Thursday, July 29, 2010

The Economy: Foxhole Religion or New Tractors?

Earlier this summer I was talking with my friend Kevin Ingram, the president of Manhattan Christian College (my alma mater).

I was asking how the economy was affecting donor income, particularly among the predominantly rural farming constituency that support the school. He made an interesting comment. (I’m paraphrasing). “You imagewould think that when the economy is good that our income would be good and when the economy is bad, our income would be bad.

“That’s not the case,” Pres. Ingram went on. “When the economy is good, the farmers pay off debts incurred from the bad times and invest in farm equipment.

“When the economy is bad, many of them remember where the true imagesource of their security lies and they increase their giving to the work of the Lord.”

Maybe that is unique to midwest farmers.

An article in this week’s Newsweek by columnist Lisa Miller suggests that it certainly is a much fuzzier picture than that for the rest of us.

The article focuses on a Notre Dame University economist David Hungerman and an (unrelated) Gallup survey on church attendance and economic decline and recovery.

The conventional wisdom is that when the economy tanks, religiosity, prayers and church attendance go up. No one seems to be wanting to gauge prayer, so they are measuring church attendance.

And what they are finding is surprising (at least to me).

While there is some correlation between lack of economic health and church attendance, what the researchers are noting is that when men & women are unemployed, they attend church LESS. There seems to be little “If I pray more, maybe God will give me a job.” (I hate to see that as a good thing or a bad thing—for different reasons—so I’ll just note it.) Depression sets in and the unemployed stay away from church. Embarrassment or fear or ridicule? Who knows. (Ministry opportunity there for some entrepreneurial-type).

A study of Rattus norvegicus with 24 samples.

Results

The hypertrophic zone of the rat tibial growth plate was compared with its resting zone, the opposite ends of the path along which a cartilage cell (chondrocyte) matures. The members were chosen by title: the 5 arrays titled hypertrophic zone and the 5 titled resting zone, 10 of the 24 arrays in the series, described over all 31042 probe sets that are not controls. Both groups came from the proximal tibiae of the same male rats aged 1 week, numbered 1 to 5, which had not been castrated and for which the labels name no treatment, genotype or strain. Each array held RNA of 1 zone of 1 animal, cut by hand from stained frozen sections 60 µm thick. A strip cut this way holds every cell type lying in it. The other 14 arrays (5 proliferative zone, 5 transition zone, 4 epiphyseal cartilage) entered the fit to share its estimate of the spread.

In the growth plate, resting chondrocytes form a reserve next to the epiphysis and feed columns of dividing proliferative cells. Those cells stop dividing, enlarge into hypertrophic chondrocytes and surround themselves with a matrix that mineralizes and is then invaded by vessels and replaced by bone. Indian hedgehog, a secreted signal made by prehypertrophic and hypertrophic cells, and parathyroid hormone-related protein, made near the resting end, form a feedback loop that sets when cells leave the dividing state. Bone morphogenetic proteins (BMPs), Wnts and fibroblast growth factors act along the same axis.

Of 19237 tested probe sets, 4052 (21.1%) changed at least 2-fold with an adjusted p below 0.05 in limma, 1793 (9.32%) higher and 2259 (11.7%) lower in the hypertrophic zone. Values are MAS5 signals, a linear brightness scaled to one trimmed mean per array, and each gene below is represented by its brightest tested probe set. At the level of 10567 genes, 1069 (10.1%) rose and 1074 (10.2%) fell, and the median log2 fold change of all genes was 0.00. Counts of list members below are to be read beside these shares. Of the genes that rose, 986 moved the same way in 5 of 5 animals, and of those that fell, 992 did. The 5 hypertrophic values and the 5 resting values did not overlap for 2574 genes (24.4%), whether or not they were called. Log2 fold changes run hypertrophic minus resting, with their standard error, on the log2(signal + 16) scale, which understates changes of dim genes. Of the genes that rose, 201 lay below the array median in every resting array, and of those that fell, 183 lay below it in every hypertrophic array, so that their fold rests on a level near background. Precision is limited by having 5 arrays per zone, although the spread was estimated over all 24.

image And instead of the poor being “more religious” than the wealthy, the poor actually attend church less than the more financially stable. Miller quotes Larry Iannoconne in his “Introduction to the Economics of Religion”: “Religion is not the province of the poor or uninformed.” As individual financial prosperity increases, so does church attendance.

So what correlation is there between the economy and church attendance? While you should really read the article to get the full sense, the article concludes with a good quote from Hungerman:

“Maybe when the economy turns sour, no matter how much money you make, you get nervous and decide to go to church and talk with your buddies and get a sense of what’s going on in your community. Or maybe people’s desire for spiritual guidance is influenced by their perception of how the world’s doing outside of themselves. Church attendance may not reflect our own circumstances but our own idea of how the world is doing beyond us.”

And that’s not an altogether bad thing. Again, you can find the article here.